The company that turns rain into drinking water

Richard’s Rainwater collects and treats rainwater, which it bottles and sells. The company began with one man’s “tank town.”

As a kid, did you ever stand outside collecting rain or snow on your tongue? Look, it’s OK if you still do.


Richard’s Rainwater turned it into a business, selling still and sparkling rainwater in recyclable aluminum cans and glass bottles.

The backstory

Frustrated with well water’s effect on his hair and laundry, founder Richard Heinichen began collecting rainwater for personal use at his Austin, Texas, home in the ‘90s.

He later built a “tank town” to harvest larger volumes of water and, in 2002, received a license to bottle and distribute what he called “cloud juice.” Heinichen has since retired.


… in addition to Tank Town, Richard’s Rainwater has two brewery partners: Lazy Magnolia in Kiln, Mississippi, and Faubourg Brewing Co. in New Orleans.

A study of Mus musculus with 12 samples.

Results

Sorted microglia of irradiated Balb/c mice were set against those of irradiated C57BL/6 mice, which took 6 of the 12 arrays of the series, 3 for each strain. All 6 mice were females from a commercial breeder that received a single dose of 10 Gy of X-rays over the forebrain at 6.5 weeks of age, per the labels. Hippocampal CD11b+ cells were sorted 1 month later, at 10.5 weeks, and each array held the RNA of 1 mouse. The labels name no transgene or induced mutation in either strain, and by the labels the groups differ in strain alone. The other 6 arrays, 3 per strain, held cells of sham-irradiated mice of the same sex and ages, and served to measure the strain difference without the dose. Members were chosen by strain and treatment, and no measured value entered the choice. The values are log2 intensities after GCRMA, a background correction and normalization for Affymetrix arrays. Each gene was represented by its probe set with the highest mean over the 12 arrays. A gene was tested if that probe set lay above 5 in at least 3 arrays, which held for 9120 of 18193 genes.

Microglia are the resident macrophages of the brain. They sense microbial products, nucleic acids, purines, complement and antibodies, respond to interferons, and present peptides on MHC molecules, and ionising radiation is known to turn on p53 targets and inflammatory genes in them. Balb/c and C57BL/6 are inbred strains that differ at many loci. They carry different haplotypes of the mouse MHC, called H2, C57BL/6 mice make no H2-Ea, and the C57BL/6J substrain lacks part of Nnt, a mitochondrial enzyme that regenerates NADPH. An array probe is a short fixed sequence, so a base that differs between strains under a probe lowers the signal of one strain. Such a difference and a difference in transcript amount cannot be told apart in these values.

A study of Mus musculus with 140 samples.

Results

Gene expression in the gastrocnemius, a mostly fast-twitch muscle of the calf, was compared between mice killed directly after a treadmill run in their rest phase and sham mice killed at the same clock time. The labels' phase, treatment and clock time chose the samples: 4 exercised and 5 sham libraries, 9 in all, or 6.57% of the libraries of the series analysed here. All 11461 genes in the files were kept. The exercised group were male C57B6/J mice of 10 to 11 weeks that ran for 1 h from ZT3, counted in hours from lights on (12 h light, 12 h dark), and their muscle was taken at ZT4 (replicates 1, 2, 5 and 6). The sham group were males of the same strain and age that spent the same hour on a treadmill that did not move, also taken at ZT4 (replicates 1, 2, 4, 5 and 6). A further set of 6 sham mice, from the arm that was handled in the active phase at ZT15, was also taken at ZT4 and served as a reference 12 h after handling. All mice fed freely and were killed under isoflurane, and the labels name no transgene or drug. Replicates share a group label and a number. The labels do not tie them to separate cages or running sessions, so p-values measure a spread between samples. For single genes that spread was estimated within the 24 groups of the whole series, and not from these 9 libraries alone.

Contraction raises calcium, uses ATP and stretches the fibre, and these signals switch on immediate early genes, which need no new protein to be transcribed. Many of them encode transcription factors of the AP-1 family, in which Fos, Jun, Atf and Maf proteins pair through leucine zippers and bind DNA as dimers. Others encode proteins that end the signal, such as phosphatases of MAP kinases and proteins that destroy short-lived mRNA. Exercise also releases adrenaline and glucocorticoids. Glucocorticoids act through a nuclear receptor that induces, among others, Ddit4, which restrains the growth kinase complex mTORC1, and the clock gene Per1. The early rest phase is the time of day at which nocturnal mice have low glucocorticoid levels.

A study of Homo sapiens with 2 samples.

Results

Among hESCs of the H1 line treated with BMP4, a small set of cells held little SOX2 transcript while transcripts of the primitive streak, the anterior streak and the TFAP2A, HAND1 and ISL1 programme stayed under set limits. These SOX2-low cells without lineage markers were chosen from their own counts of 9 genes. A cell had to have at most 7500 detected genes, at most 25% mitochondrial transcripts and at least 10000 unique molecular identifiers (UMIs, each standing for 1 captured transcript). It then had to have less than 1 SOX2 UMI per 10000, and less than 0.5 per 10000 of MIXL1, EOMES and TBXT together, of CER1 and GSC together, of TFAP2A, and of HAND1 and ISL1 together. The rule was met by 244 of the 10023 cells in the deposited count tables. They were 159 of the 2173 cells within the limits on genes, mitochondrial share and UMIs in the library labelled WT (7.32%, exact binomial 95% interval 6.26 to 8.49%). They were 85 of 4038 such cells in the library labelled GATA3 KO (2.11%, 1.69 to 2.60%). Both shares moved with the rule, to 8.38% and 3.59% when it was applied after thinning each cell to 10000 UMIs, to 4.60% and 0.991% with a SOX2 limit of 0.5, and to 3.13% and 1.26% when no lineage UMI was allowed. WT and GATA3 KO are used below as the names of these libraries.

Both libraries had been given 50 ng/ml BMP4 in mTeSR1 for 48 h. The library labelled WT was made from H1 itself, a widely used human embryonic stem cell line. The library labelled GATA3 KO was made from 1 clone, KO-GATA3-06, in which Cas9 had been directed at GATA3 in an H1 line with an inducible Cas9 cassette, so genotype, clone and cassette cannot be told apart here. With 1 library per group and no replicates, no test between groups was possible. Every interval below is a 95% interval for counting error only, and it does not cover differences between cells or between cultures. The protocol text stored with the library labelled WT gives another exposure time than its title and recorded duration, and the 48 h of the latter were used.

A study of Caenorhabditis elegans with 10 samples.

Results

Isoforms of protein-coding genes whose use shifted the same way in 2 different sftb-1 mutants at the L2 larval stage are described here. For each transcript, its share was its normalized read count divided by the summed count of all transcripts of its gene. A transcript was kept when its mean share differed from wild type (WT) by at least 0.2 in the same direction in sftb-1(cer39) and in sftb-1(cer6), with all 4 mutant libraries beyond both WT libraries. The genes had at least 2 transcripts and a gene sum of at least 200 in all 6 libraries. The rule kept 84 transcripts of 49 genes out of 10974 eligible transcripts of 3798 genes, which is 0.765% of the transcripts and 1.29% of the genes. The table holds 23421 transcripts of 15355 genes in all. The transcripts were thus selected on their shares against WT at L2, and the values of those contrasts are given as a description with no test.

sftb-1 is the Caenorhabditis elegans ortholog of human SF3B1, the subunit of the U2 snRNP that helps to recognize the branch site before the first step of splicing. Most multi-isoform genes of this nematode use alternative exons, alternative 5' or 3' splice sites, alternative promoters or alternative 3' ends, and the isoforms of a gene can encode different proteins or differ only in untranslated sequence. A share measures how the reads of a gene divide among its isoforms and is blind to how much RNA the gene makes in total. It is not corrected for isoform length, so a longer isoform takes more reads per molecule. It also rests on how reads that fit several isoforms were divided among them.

CEO Taylor O’Neil told The Hustle that collection systems, located on the breweries’ roofs, connect to existing stormwater management systems.

Sensors note when a rain event begins and, because rain events cleanse the atmosphere, eschew the first 0.2 inches.

The rest goes into collection tanks. A proprietary zero-waste, chlorine-free filtration system removes biological or particulate contaminants before the water is bottled on-site.

  • For every 1k square feet of collection area, an inch of rain generates ~550 gallons of clean water.
  • The company anticipates harvesting 4m+ gallons in 2023 for an estimated $10m+ in sales.

The goal…

… is to build collection sites nationwide, with immediate sights set on Oregon and North Carolina. Sites that offer ample surface area and precipitation are ideal.

“Every new site will enable us to move water [shorter distances] from where it’s captured to where it’s consumed, create new jobs, and be a better example of renewable water in more communities,” O’Neil said.

BTW: O’Neil said even dry places could collect rain for drinking water or other purposes. Because when it does rain, it can overload ill-equipped  systems, spread contamination, and make my commute very soggy.